Imagine you are witnessing to someone who has not had the joy of reading the King James Bible. You may have read it from childhood. The language is that of Shakespeare--powerful, brief, and beautiful beyond compare. You revel in it. So do I.
But the person you are addressing is, let us say, 16 years old. They have a laptop and a touch screen smart phone, but not an "ap" for the Word of God. Should you hit them with this language? In short, is this the best way to talk to him or her?
I picked out "wot" as an example. A perfectly good word if you understand the vocabulary of 1611. Not surprisingly, many do not. They Tweet and Text, which I know nothing about. But you could talk to them in language they understand. From Germany or Holland to Great Britain, they understand modern English, fast becoming the world's most used mode of speech.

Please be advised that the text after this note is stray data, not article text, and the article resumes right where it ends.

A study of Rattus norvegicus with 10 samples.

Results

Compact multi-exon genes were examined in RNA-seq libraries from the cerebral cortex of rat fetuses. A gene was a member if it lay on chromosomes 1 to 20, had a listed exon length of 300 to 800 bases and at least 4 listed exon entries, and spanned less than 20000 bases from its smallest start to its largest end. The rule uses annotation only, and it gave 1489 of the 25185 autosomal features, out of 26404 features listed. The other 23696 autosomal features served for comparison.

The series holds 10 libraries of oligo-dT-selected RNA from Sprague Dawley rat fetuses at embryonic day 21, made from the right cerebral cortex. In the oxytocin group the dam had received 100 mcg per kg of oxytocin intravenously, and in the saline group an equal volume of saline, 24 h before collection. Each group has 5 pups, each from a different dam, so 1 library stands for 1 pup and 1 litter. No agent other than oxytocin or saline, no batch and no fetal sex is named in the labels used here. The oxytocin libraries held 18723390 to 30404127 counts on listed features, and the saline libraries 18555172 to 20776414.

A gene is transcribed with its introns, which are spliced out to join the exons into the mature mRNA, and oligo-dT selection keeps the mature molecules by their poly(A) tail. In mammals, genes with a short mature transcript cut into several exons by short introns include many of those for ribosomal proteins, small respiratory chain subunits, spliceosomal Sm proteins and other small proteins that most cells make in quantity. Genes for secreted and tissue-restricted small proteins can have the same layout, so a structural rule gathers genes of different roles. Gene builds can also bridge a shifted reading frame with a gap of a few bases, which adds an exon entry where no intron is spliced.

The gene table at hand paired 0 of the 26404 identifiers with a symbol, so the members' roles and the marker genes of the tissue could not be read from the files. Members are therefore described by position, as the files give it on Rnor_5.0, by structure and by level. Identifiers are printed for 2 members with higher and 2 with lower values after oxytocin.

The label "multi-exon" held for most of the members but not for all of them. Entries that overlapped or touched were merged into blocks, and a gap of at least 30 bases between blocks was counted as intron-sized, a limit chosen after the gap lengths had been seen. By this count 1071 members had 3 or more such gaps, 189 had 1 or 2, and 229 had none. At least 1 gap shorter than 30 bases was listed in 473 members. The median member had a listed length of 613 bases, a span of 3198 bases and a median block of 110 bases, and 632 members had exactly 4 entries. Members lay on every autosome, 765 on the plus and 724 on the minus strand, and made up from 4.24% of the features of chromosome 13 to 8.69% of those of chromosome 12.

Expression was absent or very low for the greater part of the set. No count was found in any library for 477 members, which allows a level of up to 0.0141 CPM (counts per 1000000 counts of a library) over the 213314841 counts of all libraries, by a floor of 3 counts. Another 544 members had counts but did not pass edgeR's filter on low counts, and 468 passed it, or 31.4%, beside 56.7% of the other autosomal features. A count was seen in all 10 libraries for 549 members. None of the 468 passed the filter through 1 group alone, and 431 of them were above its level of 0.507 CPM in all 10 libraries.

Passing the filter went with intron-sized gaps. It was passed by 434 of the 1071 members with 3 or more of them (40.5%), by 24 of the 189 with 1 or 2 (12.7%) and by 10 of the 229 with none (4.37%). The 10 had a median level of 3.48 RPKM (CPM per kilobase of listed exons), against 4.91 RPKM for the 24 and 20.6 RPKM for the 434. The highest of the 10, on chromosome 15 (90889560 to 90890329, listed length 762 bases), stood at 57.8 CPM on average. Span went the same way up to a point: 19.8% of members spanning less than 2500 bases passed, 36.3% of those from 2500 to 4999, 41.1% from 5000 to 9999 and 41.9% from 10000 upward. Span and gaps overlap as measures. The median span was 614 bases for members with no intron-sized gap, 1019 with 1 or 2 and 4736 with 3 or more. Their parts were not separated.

Jack Chick publications has a nifty little booklet explaining the terms of the KJV. I have one. Do I recommend you tell your 16 year old, who you may never meet again, to study this booklet so that he or she will later know what you are about to say?
Of course this will not happen. You want to reach them now. Instead, you read to them from a modern translation. I like NIV as a backup Bible. It is the world's most widely read version.
I know exactly how people feel about any version other than their old favorite. I have been immersed in this culture. I sympathize.
But I have heard a dedicated Christian say that Luke got it wrong when he translated the word in Acts 12:4 as passover. Luke should have said Easter! Luke was wrong, but the KJV translators got it right. Now we are entering the land of idolatry.
I know the defenses used to support their view--that Jews celebrated a pagan festival, not a Jewish feast day. If so, why didn't Luke say so?
When you speak words of endearment to your loved one, have you ever said, "You are my sweet little turtle?" Twice the words "turtle dove" are used in the Bible. Moderns know it means the sweet little bird and so render it.
I heard a translator defend The New International Version. He said "We too love the Bible, and we too have prayed for guidance in transmitting it." For those who do not believe him, I suggest they only read Christian literature from 1611--as if nothing from beyond that time was written in the Spirit of God.